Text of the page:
How to Use the Kelly Criterion for Betting

While wagering is a delicate combination of impulses, knowledge, luck, and mathematical edges, one cannot overstate the value of the latter. That’s why learning the Kelly Criterion is so useful. It makes it possible for you to more accurately determine how much you should stake.

Developed in 1956 by a Bells Labs scientist named John Kelly, the formula works by applying the then-newly created field of Information Theory to gambling and investment. It calculates the proportion of your net worth to wager to maximise the expected logarithm of capital increase.

The Bettor’s 6 Questions

Before betting, you need to consider 6 important questions:

  1. Who?
  2. What?
  3. When?
  4. Where?
  5. Why?
  6. How?

Let’s say you’re thinking about staking on the English Premier League. You’ll adapt and answer the 6 questions as follows:

  1. Who to wager on? Chelsea Football Club.
  2. What bet will you make? Top 4 Finish.
  3. When are you going to stake? Now.
  4. Where to bet at? The online bookmaker with the best odds.
  5. Why are you wagering on this team? They seem to have been under-priced.
  6. How much are you going to stake?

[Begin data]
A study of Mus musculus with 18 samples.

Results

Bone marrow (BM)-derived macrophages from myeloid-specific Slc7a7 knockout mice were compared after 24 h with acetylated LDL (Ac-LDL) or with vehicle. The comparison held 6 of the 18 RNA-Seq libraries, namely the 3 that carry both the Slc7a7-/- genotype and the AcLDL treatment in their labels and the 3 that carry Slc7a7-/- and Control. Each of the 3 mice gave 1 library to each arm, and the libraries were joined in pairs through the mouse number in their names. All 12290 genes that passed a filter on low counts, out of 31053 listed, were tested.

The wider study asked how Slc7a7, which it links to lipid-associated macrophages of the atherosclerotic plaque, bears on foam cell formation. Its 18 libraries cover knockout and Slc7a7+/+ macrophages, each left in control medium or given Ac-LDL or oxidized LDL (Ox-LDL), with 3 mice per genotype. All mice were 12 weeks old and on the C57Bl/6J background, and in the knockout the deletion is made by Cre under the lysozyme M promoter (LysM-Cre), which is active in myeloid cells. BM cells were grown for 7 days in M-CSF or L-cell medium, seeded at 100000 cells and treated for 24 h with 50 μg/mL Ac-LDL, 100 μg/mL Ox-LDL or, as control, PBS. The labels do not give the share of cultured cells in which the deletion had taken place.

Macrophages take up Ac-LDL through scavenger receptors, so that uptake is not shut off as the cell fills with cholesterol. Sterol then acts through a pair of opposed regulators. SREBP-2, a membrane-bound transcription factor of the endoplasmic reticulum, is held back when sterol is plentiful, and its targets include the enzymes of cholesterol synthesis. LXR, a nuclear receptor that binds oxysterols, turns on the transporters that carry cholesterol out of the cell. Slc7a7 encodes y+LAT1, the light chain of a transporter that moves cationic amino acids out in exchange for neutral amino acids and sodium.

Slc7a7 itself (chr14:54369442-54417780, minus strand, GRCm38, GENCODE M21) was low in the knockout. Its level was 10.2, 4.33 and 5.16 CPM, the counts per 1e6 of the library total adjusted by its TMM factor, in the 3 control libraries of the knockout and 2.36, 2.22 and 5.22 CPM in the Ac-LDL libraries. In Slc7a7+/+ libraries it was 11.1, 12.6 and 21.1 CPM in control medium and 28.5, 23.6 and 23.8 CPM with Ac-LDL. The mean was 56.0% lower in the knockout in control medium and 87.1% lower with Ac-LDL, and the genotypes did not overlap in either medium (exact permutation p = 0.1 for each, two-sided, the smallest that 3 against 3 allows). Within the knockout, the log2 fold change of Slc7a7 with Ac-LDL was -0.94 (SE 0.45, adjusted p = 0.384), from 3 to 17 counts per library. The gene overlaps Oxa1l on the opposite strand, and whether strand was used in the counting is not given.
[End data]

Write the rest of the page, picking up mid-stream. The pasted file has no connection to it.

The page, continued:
This is the answer we’re going to spend some time on!

Figuring Out How Much to Bet

When you make a financial decision, it’s important not only to find adequate products to invest in but also to consider how you’re going to subdivide your portfolio. This follows through to staking, where it’s not just a question of who you’re putting money on, but how much you’re going to spend.

Essentially, the Kelly Criterion determines what proportion of your available funds you should wager when odds are higher than expected. It looks like this:

(BP – Q) / B

B represents the decimal odds -1, P the probability of the bet’s success, and Q how likely it is to fail, or 1-p

Let’s use a coin as an example of using the Kelly criterion to determine the value of your stake. In this instance, you are wagering on the coin to land on heads at 2.00, but the coin is biased, so there’s a 52% chance of it landing this way. So B is 2-1 =1, P is 0.52, and Q is 1-0.52 = 0.48. This means you’re looking at:

(0.52×1 – 0.48) / 1 = 0.04

So in this instance, the Kelly Criterion recommends you bet 4% of the money available to you. The positive percentage implies that there’s a mathematical edge in favour of your bankroll, so your cash grows exponentially.

If you apply the Kelly Criterion in a situation where you receive a negative percentage as your result, it is implied that you do not place the bet in question.

The Advantages of the Kelly Criterion

Many bettors prefer the Kelly Criterion over staking systems like the Arbitrage and Fibonacci methods because it lowers their risk so drastically. The one possible challenge to using it, however, is that it requires that you precisely calculate the likelihood of an event’s outcome and the discipline it asks of users means your bankroll will see steady, not explosive, growth.